Extreme trophic and habitat specialization by Peruvian dung beetles (Coleoptera : Scarabaeidae : Scarabaeinae)

Publication Type:Journal Article
Year of Publication:2006
Authors:T. H. Larsen, Lopera, A., Forsyth, A.
Journal:Coleopterists Bulletin
Date Published:Dec
Keywords:Bates coleoptera, genus, rain-forest, rarity, revision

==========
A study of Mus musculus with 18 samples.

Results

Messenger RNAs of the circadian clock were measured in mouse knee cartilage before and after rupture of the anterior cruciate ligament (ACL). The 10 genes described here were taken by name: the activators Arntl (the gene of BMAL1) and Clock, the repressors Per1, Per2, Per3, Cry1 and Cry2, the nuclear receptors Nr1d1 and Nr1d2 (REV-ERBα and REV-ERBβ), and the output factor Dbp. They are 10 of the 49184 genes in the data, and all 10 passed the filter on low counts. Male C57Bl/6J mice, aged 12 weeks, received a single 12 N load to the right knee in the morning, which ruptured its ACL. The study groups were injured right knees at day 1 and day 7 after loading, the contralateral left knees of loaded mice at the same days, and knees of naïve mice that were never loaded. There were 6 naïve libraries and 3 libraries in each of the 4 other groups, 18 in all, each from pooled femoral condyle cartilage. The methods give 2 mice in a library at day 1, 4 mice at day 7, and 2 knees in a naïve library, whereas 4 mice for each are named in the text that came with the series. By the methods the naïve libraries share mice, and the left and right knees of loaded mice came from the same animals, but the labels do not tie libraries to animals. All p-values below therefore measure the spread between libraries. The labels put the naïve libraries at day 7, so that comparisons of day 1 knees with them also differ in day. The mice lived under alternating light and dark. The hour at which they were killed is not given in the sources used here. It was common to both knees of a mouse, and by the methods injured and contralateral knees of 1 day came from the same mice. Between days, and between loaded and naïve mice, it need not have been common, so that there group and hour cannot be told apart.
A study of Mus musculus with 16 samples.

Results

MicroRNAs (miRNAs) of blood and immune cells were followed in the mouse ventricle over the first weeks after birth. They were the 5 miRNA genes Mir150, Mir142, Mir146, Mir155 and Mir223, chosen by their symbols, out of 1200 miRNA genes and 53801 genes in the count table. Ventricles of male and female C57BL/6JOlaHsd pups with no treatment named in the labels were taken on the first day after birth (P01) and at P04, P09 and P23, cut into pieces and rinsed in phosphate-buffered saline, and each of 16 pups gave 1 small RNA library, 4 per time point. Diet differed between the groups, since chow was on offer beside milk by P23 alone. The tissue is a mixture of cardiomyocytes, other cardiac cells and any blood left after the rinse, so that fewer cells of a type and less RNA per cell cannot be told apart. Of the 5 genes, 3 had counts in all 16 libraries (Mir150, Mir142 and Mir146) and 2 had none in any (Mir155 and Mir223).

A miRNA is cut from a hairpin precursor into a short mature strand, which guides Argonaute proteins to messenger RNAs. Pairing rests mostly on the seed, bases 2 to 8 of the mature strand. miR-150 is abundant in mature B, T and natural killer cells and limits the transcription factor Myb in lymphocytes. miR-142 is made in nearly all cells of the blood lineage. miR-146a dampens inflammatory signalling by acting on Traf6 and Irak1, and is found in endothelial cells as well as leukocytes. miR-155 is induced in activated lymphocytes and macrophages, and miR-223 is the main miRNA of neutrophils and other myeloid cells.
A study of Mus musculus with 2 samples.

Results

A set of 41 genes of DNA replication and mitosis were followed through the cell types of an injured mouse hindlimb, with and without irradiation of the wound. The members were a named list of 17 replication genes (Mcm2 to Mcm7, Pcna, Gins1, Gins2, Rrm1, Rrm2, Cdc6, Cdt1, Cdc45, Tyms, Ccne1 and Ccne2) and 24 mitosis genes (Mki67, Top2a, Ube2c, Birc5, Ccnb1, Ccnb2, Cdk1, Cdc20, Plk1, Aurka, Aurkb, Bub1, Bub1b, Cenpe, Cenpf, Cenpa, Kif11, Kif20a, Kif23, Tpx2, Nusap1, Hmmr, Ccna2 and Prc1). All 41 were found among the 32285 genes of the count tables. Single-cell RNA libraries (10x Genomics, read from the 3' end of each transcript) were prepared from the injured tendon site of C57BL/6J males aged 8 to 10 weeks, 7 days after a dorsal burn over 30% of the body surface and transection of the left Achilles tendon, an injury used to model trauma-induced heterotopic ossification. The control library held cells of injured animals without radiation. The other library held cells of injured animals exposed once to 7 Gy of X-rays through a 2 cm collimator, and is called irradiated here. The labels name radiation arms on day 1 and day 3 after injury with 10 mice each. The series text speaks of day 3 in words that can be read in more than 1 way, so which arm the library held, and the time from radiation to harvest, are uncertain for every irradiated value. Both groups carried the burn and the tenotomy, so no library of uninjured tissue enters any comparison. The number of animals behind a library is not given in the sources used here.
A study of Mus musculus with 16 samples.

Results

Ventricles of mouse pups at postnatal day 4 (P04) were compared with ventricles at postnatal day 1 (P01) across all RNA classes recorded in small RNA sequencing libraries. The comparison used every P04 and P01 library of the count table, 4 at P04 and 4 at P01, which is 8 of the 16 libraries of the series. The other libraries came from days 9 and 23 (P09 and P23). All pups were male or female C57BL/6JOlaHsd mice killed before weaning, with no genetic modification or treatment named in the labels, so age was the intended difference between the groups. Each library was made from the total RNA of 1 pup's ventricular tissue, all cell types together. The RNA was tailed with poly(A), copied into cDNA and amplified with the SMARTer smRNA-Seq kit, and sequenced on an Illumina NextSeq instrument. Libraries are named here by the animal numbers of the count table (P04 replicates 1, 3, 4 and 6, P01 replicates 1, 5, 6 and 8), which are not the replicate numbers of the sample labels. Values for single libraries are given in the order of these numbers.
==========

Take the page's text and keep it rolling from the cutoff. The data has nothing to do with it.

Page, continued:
Resource partitioning strategies can help us understand the origin and maintenance of highly diverse communities. We collected 205 dung beetle species (Coleoptera: Scarabaeidae: Scarabaemae) associated with many different kinds of resources in southeastern Peru. We focus only on extreme cases of resource specialization of species occupying unusually narrow ecological niches, rather than the broad range of specialists which exists. The natural history of most of these species is previously unknown, and several have been considered very rare. Although dung beetles were captured with all types of dung, including avian, reptile and invertebrate dung, species did not specialize exclusively on certain dung types. Ten species appeared to specialize exclusively on a single non-dung food resource, including fruit, fungus, carrion, dead invertebrates, and live millipedes. The diets of 15 species captured only by hand or with passive flight intercept traps are unknown, and these included species in unusual genera such as Anomiopus, Bdelyrus, Canthonella, Dendropaemon, and Sinapisoma. Eleven species appeared to specialize exclusively on a restricted habitat or microhabitat such as riverine beach, Guadua bamboo patches, river alder forest (Tessaria), attine ant nests, or abandoned termite nests. Four species of Canthon were forest canopy specialists. The apparent rarity of some of these species, such as Canthonidia rubroinaculata Blanchard, Deltochilum valgum Burmeister, Ontherus laminifer Balthasar, and Ontherus raptor Genier, may only be due to their unusual habits, while other species, such as Megatharsis buckleyi Waterhouse, appear to be genuinely rare. We also discuss the implications of these findings for sampling methodology and assessment of species abundance distributions.